Port officials look at paring sidewalk installation to help offset rising cost of improvements on city road
The success of a proposal to rebuild Lake Street to alleviate flooding in the area and beautify the area around Veterans Memorial Park in Port Washington this spring may depend on the Highway 33 reconstruction project.
That’s because the Lake Street proposal has increased significantly in price as the scope of the project has changed since it was initially considered last year, the Board of Public Works was told Tuesday.
Because the city doesn’t have other funds available, cost savings expected to be realized on the long-awaited Highway33 reconstruction might be the best way to finance the Lake Street project, Public Works Director Rob Vanden Noven said.
When the Lake Street project was conceived, the intent was to lower the road, install additional catch basins and provide an overflow spillway through the park, he said. The city received a $206,000 Community Development Block Grant to cover 60% of that cost.
But officials have since determined that the main storm sewer line must be replaced, Vanden Noven said. Plans have also been made to rebuild the public parking lot north of the American Legion hallto improve safety and aesthetics, and to add sidewalk to connect with existing walkways in the area.
The low bid for the project came in at $327,000, Vanden Noven said, leaving the city to come up with roughly $150,000 for the project.
In addition, We Energies has estimated the cost of burying the overhead wires in the area at $60,000 to $100,000, he said.
The Highway 33 project may be the most likely place to come up with the needed funds, Vanden Noven said.
That’s because the state has said bids for highway work have been coming in about 10% under budget, he said. If that occurs, about $100,000 might be available to help pay for the Lake Street project.
Bids for the Highway 33 project will be opened in April.
In addition, the city could eliminate some paths and sidewalks planned on Highway LL north of Highway 33 and on the west side of the road south of Highway 33, Vanden Noven said. That would cover much of the remaining shortfall.
The path on the east side of Highway LL south of Highway 33 should remain, officials said, because it will connect with sidewalks already in the area.
Ald. Jim Vollmar, a member of the Board of Public Works, said the city needs to decide whether the intent of the Lake Street work is to alleviate flooding or to beautify the area.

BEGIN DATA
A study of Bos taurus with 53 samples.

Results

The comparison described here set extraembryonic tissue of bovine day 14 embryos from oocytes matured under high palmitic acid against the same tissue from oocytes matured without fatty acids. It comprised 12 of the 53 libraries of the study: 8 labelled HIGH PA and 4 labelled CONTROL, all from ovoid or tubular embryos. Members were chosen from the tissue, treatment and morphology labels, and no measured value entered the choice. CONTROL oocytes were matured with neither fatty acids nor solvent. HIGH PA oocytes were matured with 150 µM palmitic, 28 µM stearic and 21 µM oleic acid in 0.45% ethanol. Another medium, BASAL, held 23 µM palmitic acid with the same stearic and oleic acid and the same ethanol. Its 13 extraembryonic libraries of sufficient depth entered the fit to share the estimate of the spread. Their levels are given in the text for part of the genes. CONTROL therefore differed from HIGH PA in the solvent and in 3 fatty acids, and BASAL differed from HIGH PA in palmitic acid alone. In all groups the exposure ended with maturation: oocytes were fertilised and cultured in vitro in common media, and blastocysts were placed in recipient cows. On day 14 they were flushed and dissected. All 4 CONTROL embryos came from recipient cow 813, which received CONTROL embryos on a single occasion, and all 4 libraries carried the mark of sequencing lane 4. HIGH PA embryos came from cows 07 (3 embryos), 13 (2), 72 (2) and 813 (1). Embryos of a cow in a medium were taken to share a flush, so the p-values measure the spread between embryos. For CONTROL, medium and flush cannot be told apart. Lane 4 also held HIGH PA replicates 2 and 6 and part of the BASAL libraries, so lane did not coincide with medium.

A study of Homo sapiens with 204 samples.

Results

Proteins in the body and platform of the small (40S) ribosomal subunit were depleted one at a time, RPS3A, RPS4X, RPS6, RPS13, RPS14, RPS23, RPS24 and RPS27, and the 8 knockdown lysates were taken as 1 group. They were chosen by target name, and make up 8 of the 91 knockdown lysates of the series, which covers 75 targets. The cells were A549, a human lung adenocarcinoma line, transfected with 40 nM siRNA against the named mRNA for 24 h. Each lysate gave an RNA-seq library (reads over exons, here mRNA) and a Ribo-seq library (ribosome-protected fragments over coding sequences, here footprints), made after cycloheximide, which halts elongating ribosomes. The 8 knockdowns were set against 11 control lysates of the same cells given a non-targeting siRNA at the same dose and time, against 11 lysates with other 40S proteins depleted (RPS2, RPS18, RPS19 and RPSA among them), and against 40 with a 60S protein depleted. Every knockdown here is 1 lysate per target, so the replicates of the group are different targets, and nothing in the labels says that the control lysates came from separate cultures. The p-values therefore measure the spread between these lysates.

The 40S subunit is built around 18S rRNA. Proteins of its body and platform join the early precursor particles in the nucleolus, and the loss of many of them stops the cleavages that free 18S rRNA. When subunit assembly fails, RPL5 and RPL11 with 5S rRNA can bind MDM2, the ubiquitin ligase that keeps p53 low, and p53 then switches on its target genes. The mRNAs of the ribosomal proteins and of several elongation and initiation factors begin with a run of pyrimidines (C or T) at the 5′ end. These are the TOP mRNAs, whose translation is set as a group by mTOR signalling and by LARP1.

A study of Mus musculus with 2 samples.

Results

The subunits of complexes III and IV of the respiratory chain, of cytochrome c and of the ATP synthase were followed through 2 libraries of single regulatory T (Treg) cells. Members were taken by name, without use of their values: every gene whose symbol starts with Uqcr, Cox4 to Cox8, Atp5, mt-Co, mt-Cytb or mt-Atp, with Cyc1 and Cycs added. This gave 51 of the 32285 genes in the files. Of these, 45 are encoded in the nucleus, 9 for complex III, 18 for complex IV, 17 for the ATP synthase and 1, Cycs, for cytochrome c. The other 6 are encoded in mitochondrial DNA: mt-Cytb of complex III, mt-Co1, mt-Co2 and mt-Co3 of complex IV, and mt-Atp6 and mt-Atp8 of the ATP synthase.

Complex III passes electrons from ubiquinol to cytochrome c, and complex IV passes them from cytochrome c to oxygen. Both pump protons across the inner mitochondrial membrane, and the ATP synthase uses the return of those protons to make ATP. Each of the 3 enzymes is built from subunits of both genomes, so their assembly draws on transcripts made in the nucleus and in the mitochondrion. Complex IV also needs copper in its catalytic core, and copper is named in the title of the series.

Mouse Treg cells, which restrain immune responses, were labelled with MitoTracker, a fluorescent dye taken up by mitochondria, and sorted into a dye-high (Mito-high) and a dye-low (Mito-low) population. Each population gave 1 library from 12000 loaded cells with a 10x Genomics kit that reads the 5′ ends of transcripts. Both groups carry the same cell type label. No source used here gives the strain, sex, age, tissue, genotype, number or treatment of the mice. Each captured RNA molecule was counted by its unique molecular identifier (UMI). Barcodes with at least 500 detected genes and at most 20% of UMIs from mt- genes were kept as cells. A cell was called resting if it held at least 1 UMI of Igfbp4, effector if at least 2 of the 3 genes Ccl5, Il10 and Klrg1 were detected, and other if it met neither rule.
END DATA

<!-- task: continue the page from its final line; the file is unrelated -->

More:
“It’s the aesthetics of this project that add to the cost,” he said. “I’m kind of torn. I would like the city to be more beautiful, but it’s a lot of money.”
Ald. Mike Ehrlich, another board member, said it’s important to make the Veterans Park area aesthetically pleasing because of its prominence.
“It’s a high visibility area,” he said.
He proposed that the city eliminate the Highway LL walkways, saving an estimated $130,000, noting that these paths, which can be added in the future, don’t connect to other sidewalks.
The city should delay making a decision on burying the overhead wires until it has a better cost estimate, Ehrlich added.
But Vollmar said if the city wants to beautify the area, the wires must be buried.
“Personally, I think if we’re going to make it look beautiful, let’s go all the way,” he said.
Ald. Paul Neumyer, a member of the board, suggested the board consider postponing the Lake Street project until fall, when the Highway 33 project will be almost completed and the costs known. Then the city will know how much money can be diverted to Lake Street, he said.
T.P. Concrete, the low bidder on the project, may not be willing to hold its price that long, Vanden Noven said.
The board postponed action on the bid and delayed making a decision on burying the wires. Instead, it directed Vanden Noven and City Administrator Mark Grams to see if T.P. Concrete would honor its price if the project is delayed and when We Energies could give a better cost
estimate for burying the wires.
The board will hold a special meeting Tuesday, March 15, to hear the results.
The board also recommended on Tuesday that the city approve a revised contract with the state for the Highway 33 project. The initial contract for the work was approved in 2009, but since then the scope and cost of the project have changed, Vanden Noven said.
The city’s share of the project is estimated at $1.8 million, he said.
The DOT has indicated the contract must be approved by the Common Council by March 15 for the project to move forward this year, Vanden Noven said.